Little Things Really Do Add Up


If you put aside $5 a week, at the end of a year you have $260 saved. If you save all of your scraps of bread products (those ends, stale muffins, lone squares of cornbread, etc) in the freezer, before you know it you'll have enough for a strata or bread pudding. If you drink a half cup of water every hour, at the end of a 14-hour day you've consumed 56 ounces of water.


You may remember that last fall I harvested a total of 12 winter squash and small pumpkins. These weren't jumbo piece of produce, just small garden ones. Of the 12, 10 matured enough to contain mature seeds (the kind that you'd want to eat). When I'd cut into a squash or pumpkin, I'd clean out the seeds, wash them,  set aside a few for planting, then freeze the rest in a small ziplock bag (stored in the freezer). Well, by the end of the fall (after using all of the squash/pumpkins), I had 2 baggies full of edible seeds! This was enough to roast pumpkin seeds on two occasions last week, yielding enough delicious seeds for our family's snacking over a couple of days each time.

I'm used to the small size of the pumpkins that I can grow in my not-always-sunny garden. And when I open one up, I'm happy to find some seeds inside, but I never have more than a handful or two in any one pumpkin or squash. If I were to consider washing and roasting just a handful of seeds, I might not bother and compost them instead. By saving seeds over the course of using all of the pumpkins/squashes, there really was enough to "bother" with.

It was really satisfying to use all of the edible portions of each pumpkin or squash. And as a bonus, my family was super happy with the healthy and tasty snack.

12 comments:

  1. What a good idea! My kids loved roasted pumpkin seeds but since kids are grown and on their own, we no longer do that (Husband's intestinal issues prevent eating them). This year I saved seeds from a delicious squash someone gave me and I have two varieties ready to plant somewhere on my very shady property. I'm also going to have all my pots and planters scattered through the property this year and fill them with all kinds of things we like to eat. No flowers just edibles. And my vertical planter will be filled with herbs and anything else that is not too heavy.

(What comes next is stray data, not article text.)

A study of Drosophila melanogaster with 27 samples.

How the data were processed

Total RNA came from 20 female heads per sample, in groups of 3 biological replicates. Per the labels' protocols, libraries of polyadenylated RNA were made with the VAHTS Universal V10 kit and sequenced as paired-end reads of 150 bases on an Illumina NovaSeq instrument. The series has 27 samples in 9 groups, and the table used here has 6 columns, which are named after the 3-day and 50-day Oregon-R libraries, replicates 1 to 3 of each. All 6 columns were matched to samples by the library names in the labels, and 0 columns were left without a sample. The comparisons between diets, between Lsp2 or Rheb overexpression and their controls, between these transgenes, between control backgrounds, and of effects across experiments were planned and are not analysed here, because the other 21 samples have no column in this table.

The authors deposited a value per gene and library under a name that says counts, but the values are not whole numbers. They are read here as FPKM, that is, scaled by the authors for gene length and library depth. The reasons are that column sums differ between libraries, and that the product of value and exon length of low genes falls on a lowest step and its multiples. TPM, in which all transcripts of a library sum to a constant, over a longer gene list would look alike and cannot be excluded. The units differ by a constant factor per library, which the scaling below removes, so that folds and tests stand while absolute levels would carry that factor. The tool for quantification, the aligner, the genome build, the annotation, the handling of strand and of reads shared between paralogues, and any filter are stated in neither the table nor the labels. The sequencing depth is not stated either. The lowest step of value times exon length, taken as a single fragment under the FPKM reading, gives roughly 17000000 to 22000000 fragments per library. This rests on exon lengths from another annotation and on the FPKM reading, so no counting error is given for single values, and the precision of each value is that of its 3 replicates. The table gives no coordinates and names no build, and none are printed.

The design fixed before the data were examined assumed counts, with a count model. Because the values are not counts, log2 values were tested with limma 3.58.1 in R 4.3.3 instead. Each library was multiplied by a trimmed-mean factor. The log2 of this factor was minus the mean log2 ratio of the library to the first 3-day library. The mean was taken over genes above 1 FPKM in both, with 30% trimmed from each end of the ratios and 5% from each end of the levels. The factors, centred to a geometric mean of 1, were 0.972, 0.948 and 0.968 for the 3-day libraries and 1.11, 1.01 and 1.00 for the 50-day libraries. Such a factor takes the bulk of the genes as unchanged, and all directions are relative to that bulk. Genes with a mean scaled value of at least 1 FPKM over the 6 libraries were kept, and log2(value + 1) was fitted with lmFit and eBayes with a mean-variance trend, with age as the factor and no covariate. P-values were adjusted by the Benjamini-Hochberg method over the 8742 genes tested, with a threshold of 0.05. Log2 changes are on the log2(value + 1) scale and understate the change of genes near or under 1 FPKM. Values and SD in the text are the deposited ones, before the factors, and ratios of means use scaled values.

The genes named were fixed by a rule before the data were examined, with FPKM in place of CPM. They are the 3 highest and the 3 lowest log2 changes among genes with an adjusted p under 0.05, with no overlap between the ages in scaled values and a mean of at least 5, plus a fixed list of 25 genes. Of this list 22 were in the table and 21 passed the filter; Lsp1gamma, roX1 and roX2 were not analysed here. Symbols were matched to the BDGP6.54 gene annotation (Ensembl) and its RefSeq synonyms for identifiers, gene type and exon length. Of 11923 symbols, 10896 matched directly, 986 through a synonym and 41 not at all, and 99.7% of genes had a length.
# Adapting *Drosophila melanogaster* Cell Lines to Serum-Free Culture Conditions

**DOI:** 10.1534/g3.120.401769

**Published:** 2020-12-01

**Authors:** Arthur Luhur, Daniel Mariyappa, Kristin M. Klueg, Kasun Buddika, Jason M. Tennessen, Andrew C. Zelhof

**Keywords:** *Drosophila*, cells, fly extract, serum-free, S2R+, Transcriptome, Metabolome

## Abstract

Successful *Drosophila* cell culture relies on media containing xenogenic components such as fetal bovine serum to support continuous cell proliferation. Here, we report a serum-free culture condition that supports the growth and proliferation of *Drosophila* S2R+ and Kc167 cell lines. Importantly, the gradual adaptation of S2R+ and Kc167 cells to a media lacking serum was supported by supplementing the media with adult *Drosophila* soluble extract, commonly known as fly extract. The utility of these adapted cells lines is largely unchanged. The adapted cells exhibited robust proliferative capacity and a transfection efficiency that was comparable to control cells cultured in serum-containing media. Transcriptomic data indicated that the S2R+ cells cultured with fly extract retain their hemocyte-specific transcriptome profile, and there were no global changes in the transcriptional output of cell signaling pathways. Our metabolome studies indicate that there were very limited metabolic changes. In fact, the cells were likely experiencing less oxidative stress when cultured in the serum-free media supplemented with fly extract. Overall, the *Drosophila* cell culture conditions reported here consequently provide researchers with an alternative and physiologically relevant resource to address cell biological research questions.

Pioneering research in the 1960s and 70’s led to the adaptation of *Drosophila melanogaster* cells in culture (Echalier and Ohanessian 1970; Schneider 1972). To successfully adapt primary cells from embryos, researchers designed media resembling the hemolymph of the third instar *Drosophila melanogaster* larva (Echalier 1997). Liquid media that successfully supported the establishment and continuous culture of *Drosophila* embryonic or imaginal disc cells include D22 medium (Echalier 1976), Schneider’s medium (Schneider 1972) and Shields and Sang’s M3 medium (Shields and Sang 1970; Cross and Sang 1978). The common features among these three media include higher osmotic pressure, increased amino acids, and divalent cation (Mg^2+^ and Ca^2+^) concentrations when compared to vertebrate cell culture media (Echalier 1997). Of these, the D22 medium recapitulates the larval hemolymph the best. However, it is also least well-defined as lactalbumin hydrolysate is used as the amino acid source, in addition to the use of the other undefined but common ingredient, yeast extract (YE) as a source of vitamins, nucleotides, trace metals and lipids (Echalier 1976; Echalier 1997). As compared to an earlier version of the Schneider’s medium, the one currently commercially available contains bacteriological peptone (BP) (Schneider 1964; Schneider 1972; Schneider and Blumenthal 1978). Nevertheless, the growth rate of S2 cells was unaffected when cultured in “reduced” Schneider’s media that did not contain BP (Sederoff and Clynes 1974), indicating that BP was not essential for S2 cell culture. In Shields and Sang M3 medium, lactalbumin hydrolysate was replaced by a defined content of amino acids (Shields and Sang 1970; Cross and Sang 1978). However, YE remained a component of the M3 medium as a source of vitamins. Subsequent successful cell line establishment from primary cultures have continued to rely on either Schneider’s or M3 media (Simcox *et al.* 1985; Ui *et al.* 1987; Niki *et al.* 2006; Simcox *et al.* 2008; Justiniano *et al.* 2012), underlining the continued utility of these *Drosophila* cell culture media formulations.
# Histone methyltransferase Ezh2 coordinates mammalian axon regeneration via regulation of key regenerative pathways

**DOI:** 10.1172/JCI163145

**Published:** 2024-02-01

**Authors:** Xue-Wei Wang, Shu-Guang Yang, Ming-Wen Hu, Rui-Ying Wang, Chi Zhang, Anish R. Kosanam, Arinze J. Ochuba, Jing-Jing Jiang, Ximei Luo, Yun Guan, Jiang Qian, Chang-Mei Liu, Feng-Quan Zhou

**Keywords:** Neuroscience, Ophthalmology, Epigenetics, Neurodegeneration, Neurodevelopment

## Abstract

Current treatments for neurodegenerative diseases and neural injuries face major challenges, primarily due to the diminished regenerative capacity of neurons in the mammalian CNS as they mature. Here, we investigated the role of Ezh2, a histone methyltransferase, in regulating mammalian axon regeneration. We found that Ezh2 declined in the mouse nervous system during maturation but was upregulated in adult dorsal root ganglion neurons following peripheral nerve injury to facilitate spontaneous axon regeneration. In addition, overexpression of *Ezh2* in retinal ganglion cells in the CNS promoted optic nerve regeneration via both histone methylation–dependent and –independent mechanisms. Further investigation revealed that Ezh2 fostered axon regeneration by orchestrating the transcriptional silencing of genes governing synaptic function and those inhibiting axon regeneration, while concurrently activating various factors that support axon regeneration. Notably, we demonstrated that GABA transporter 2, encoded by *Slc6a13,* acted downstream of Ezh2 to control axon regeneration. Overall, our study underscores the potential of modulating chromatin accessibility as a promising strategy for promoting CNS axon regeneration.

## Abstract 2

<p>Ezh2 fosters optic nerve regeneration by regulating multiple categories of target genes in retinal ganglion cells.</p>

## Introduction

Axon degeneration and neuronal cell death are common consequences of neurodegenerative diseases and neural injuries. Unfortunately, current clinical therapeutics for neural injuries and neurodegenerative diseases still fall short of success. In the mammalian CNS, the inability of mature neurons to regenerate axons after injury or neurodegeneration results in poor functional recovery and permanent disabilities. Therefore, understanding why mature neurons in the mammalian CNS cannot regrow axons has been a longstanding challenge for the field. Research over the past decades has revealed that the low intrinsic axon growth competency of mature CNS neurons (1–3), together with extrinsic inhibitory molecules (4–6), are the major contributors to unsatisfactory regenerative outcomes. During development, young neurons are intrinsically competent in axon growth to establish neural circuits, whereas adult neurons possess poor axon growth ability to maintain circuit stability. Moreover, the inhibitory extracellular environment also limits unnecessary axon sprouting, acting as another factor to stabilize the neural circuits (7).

Good luck with your gardening plans. I have seen squash grown in large pots. Just an idea if you have a pot large enough to sit in a sunny location. I grew peppers in pots last year and they did well. Also, salad greens do very well in pots. Our hanging baskets had all of our lettuce last year and I was very happy with how that turned out. Like Kris said, sometimes veggies do better in pots than in the ground. Good luck!


    I love your thought that little things add up over time. That is true in so many aspects of life. I sometimes wonder if we have been saturated with the "go big or go home" mindset that is out there today and we don't feel like the little things are making a dent, and so it's easy to forego doing them. It's easier to quantify saving small amounts of money--several years ago I had an "epiphany" that if I could cut $20 per week out of my budget, I'd have $1000 more at the end of a year's time. I like how you gave examples of non-financial gains.

      Oh wow, yes, just $20 a week would really add up. I once calculated how much we saved by my husband always taking his lunch to work all of these years. It was enough to completely pay for our kitchen remodel several years ago. It's the little money-saving things that are available for most of us to do. And if we do them consistently, over time, they do add up.


      I was thinking about that saying/philosophy, too. That's been my motto for my entire life. Others may be able to sprint to the finish line, but I'm a slow and steady person. And it has worked for us.


    Have a nice day!!
    Laura

      When my kids were young, they'd ask if we were poor and was that why we made the choices we did. I always told them we weren't poor, but we were smart. Then I'd point out the "luxuries" they got to have that other kids didn't, all because we were so careful with our money. I think they got it.
      I totally understand your comment about spending ridiculous amounts of time recycling. I've done the very same thing with trying to repurpose clothes that are too worn out to wear and nobody would want them. Oh well, if that's the worst thing we're doing, I think we're okay.
      Have a lovely evening, Laura.


      Have a nice evening too!!


      I love your uses for the small amounts of yarns and dried fruits. Good job! And thanks for sharing. I get so many great ideas from you and others who comment.